By Mimosa Spencer
with contributions from Samantha Conti
 on March 18, 2020
Zara's revamped flagship in Milan.

PARIS — As the apparel industry struggles to come to grips with the shutdown of retail activity across Europe and in much of the U.S., Zara-owner Inditex on Wednesday offered insight into the state of affairs at a prominent player, reporting that sales declined by nearly a quarter in the first two weeks of March and over half of its stores are temporarily closed.

“The COVID-19 pandemic is having a very significant impact,” said the fast-fashion giant, noting that it is too early to quantify the future impact of the disruption to business. Inditex booked a 287 million euro provision to account for the potential hit from the virus on its inventory position and delayed its decision on a dividend later in the year, ahead of the July annual meeting.

“When even the best company in the sector decides to defer its dividend decision until the summer, you know we’re in unprecedented times,” said Richard Chamberlain, analyst with RBC Europe, in an e-mailed research note.

“We remain positive as we think Inditex is best placed to weather the storm given its high margins, flexible business model and balance sheet firepower,” Chamberlain added.

Inditex “does have a strong balance sheet to weather the current storm,” Berenberg analysts said.

The Spanish retailer has closed 3,785 stores in 39 markets, over half of the vast network of 7,469 units worldwide. The company did not provide a geographic breakdown of the closures, but governments across Europe have ordered all nonessential stores to be shut. The continent accounted for 62 percent of group sales last year. In China, meanwhile, the company has reopened all but 11 stores.

Sales in the March 1 to March 16 period were down 24.1 percent in constant currencies and the decline from Feb. 1 to March 16 was 4.9 percent, Inditex said.

The company reported a 6 percent rise in full-year profit, as the 287 million euro provision related to COVID-19 disruption weighed heavily. Full-year results to the end of January were strong, excluding the significant inventory provision, noted RBC.

Sales for the year were up 8 percent in local currencies to 28.3 billion euros, with brisk growth in online activity, which rose 23 percent. The company launched online sales platforms, which account for 14 percent of group sales, in 18 countries over the past year, many in the Middle East.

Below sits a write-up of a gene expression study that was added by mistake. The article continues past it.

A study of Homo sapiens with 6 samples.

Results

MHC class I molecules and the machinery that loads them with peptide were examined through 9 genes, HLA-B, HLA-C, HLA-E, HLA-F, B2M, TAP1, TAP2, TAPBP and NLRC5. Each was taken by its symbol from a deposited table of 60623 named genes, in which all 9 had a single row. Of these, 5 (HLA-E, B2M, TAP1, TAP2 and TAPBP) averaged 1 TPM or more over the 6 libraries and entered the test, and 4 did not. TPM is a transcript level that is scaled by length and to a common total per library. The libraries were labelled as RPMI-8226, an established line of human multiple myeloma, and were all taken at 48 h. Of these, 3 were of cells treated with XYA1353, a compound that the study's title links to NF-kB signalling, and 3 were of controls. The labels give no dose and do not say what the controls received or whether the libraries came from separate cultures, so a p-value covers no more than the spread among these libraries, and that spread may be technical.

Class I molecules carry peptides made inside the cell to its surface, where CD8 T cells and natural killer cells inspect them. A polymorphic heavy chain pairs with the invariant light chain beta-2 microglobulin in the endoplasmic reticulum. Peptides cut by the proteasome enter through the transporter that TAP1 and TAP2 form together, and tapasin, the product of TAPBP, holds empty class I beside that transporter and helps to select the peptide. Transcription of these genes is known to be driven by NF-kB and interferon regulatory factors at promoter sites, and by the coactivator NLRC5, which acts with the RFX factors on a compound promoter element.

“We continue believing very much in this fully integrated approach regarding stores and online. This is one of the key elements of our global strategy. Once things come back to normality we will come back to this approach,” said Pablo Isla, Inditex’s executive chairman, in a conference call with analysts.

Given the environment of deep uncertainty, executives declined to provide guidance for the year, for sales or store space growth, but said they hoped to do so during the first quarter results presentation in June.

In China, Inditex’s online business worked throughout the month of February, at the height of COVID-19 there, and has been developing “in a very normal way,” said Isla, who declined to elaborate further, noting it was a short period of time.

Inditex also said Wednesday that it is making logistics, procurement and sales management capabilities, most particularly in China, available to the Spanish government to help with emergency efforts to procure health and textile supplies, which currently are seeing shortages.

Each week the company plans to deliver materials it purchases directly. Inditex has already donated 10,000 protective face masks and by the end of this week expects to be in a position to ship another 300,000 surgical masks.

“We are working to bring the materials the Spanish health authorities have indicated they need most urgently: masks, gloves, protective glasses, caps, shoe covers and face shields. Inditex will lend logistical support in transporting the materials the Spanish government acquires directly from China,” the company said.

Inditex is also looking into switching some of its textile manufacturing capacity over to produce health-care supplies, like making protective gowns in Spain — which will require specific adjustments to meet health sector regulations, as well as the availability of the required raw materials.

The company noted a number of suppliers and partners in China are helping out, especially Tsinghua University, which has proved “instrumental in getting access to essential protective materials.”